Beware free debt advice
New advertising rules make it more difficult for fee-charging debt management companies to say their services are "free". Will this make the information clearer for consumers?
On September 1st the Committee of Advertising Practice (CAP) released updated marketing communications guidelines, including governance on how marketers can promote debt management products to you the consumer. We’re happy to see that these new rules have been brought in.
Among the revised guidelines* for marketing products as diverse as medicines, weight control and tobacco rolling papers, there were two sections of particular relevance to CCCS; Section 3: Misleading advertising on “Free” and Section 14: Financial Products.
Fee-charging companies can claim that their services are “free” to the customer in that the advice they give is gratis, although in reality the cost of implementing any resulting debt management plan is unavoidable, with average fees of around £5,000.
At CCCS we argue that this practice is unfair – by using the term “free” people don’t realise that genuinely free charitable services are available. Given they’re being chased by banks, collection agencies and bailiffs, and the sheer proliferation of services out there, eye-catching promotions offering “free help” stand out, blurring the lines between charities and companies.
Add to this is the feeling that “any port in a storm” will do when desperate for a solution and it’s no wonder that they go for a service that promises “free help” without realising the difference.
As our chairman Malcolm Hurlston has said, “Our research shows that clients on debt management plans with fee chargers not only pay through the nose but also take a lot longer to pay off their debts.” Given the average CCCS client has £25000 worth of debt, an additional levy of around £5,000 would add 20% to the amount the client owes.
We’re hopeful that the new CAP guidelines are going to help in exposing these extra charges and opening clients’ eyes to the difference between free advice and genuinely free assistance.
Companies will now be unable to advertise a product or service as "free", "without charge" or similar, if the consumer has to pay anything other than unavoidable costs (the CAP guidelines give examples, such as response and delivery costs).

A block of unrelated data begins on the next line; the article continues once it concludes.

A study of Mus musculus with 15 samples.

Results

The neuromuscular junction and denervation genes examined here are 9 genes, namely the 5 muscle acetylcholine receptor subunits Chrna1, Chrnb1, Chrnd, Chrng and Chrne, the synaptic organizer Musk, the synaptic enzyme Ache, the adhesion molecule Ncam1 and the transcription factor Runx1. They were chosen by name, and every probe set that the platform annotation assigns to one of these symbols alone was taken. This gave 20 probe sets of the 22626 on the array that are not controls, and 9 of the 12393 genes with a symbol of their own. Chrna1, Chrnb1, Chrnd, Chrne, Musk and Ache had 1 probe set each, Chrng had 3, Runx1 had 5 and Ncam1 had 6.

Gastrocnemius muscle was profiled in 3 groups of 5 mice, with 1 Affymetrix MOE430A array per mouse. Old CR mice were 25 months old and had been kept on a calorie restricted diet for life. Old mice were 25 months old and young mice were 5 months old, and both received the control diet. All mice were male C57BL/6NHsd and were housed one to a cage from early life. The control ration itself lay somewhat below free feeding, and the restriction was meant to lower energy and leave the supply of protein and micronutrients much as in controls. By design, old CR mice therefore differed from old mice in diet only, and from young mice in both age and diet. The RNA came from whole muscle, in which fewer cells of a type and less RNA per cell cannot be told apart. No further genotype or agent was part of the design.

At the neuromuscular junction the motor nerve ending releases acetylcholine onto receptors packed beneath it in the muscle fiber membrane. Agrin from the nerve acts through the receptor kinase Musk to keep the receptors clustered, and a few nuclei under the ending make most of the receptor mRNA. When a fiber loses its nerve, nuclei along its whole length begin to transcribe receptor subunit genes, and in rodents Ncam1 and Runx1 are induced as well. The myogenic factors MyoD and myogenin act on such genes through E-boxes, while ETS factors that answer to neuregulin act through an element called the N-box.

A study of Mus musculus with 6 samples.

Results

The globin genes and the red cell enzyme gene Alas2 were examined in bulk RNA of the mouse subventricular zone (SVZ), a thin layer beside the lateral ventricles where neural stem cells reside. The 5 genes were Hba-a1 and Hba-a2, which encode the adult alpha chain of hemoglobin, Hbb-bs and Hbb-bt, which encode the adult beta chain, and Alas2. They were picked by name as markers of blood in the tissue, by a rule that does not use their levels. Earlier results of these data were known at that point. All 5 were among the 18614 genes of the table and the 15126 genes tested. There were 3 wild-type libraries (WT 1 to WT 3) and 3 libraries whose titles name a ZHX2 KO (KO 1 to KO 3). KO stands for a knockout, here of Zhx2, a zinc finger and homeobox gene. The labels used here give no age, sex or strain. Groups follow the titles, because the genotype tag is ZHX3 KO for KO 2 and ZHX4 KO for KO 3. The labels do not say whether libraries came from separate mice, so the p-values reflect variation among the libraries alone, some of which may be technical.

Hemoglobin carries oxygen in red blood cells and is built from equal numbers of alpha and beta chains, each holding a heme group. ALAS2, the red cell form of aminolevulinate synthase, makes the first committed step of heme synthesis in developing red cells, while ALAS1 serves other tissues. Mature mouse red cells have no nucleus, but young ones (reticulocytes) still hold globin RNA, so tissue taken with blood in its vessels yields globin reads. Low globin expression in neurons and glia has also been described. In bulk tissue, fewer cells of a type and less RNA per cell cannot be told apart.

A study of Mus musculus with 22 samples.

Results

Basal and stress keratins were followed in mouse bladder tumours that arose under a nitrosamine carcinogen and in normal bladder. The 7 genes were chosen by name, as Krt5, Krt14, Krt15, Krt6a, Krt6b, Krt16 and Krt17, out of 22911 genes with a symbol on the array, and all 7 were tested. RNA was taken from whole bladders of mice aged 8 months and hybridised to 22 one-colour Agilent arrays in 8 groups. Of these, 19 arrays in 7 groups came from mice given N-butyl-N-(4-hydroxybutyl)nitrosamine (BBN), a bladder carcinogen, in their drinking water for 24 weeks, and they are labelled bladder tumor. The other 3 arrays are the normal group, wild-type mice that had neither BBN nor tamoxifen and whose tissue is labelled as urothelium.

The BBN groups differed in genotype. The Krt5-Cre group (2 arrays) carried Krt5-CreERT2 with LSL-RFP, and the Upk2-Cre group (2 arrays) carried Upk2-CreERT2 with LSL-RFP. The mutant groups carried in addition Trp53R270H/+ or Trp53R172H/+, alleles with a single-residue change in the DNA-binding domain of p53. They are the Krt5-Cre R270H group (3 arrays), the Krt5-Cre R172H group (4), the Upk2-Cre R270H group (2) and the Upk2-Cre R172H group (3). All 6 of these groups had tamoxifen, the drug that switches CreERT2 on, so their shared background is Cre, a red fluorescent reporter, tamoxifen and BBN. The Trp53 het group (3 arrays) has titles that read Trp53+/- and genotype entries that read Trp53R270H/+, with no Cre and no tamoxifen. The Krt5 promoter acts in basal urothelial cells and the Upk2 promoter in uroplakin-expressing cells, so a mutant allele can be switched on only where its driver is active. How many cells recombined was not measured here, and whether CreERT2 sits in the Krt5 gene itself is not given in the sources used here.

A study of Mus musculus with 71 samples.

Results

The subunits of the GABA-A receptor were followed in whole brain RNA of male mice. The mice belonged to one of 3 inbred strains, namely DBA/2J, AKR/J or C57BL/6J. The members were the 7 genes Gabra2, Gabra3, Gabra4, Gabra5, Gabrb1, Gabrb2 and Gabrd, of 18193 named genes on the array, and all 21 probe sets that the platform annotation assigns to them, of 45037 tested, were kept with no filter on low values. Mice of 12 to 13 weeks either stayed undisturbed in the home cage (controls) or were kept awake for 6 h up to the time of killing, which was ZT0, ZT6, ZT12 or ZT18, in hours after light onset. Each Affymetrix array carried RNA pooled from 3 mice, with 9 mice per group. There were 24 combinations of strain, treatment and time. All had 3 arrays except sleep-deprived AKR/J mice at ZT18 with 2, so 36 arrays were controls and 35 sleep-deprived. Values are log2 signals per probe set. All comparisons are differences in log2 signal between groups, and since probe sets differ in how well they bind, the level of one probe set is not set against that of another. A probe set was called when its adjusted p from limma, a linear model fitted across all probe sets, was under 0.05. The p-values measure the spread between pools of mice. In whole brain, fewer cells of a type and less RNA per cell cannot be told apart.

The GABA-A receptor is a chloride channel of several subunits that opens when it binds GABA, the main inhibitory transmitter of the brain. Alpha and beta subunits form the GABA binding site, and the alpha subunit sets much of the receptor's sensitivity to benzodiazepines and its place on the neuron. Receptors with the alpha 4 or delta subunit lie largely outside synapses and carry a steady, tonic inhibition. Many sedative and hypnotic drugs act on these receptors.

Additionally the guidelines require offers of financial products to be presented in a way that can be easily understood by the audience, rather than take advantage of consumers’ inexperience (a major issue we see on a daily basis).
Finally, the guidelines also make it plain that debt management companies must comply with the Guidance for Debt Management Companies published by the Office of Fair Trading.
Will it help those in desperate need for financial clarity? We hope so, and CCCS is committed to ensuring this is the case and will report any breach of the new CAP and BCAP guidelines as we see them.
There will be some companies that continue to offer “free help” to those in serious debt but we hope that forcing companies to be more transparent will lead to clearer up-front guidance, so clients know a fuller picture before committing themselves to further debt. It’s a step in the right direction and we feel it’s long overdue.
Consumer Credit Counselling Service is a registered charity whose purpose is to assist people in financial difficulty by providing free, impartial and realistic advice. If you are considering bankruptcy or struggling with a debt problem we can help.
Visit our online debt advice facility Debt Remedy to assist you in completing a financial statement and provide with tailored advice on the best way to deal with your situation.
If you would like to talk through your options with one of our trained counsellors you can call our free helpline on 0800 138 1111. Lines are open Monday to Friday 8am – 8pm.